News

Alumnus Gives Back With Endowed Professorship

By: 

Audrey Grayson

M.S. Kalsi (MSME ’70, PhD ME ’75) has been a long-time supporter of the UH Cullen College of Engineering and its mechanical engineering department. Now, Kalsi is giving back to the Cullen College by establishing an endowed professorship in the mechanical engineering department.

The Dr. Manmohan Singh Kalsi and Dr. Marie-Luise Schubert Kalsi Endowed Professorship in the amount of $ 500,000 was initiated in 2014 and honors the memory of Professor Gabriel Andrews Fazekas.

Kalsi said this endowed professorship will help the Cullen College’s mechanical engineering department to recruit and retain the best mechanical engineering professors the world has to offer. “The professors in the mechanical engineering department at UH are world-class educators and researchers,” Kalsi said. “This professorship will allow the department to add more top engineering faculty to their roster.” 

Without the world-class education he received as a graduate and doctoral student in the mechanical engineering department, Kalsi said he might never have gone on to build his own engineering consulting firm from the ground up. Kalsi is the founding owner of Kalsi Engineering, a Houston-based engineering consulting firm that also specializes in research and development for valve and sealing technologies.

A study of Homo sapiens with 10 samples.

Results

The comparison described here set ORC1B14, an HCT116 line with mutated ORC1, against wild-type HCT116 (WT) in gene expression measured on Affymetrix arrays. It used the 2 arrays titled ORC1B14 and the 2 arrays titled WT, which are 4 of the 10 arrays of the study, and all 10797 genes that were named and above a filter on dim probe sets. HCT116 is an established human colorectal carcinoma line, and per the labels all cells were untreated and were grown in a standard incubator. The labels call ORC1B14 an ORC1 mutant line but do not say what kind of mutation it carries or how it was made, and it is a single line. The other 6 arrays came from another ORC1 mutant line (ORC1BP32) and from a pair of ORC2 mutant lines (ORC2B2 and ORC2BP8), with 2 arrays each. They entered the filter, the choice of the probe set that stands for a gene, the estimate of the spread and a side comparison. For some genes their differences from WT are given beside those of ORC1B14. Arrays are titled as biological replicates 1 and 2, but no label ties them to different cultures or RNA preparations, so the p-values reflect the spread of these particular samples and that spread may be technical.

“The University [of Houston] gave me a head start,” Kalsi said. “If I didn’t have that head start, I wouldn’t be as successful, and our company would not have made the world-wide impact that it has today.”

For more information on the “Dr. Manmohan Singh Kalsi and Dr. Marie-Luise Schubert Kalsi Endowed Professorship,” please visit http://www.kalsi.com/blog/mr-mrs-kalsi-establish-endowed-professorship-university-houston.

Department/Academic Programs: 

Tag: 

Related News Stories

How Do Snakes ‘See’ in the Dark? Researchers Have an Answer

Research led by Pradeep Sharma, chairman of the Department of Mechanical Engineering at the University of Houston, offers an explanation for how some species of snake convert the heat from organisms that are warmer than their ambient surroundings into electrical signals, allowing them to “see” in the dark.

Certain species of snake – think pit vipers, boa constrictors and pythons, among others – are able to find and capture prey with uncanny accuracy, even in total darkness. Now scientists have discovered how these creatures are able to convert the heat from organisms that are warmer than their ambient surroundings into electrical signals, allowing them to “see” in the dark.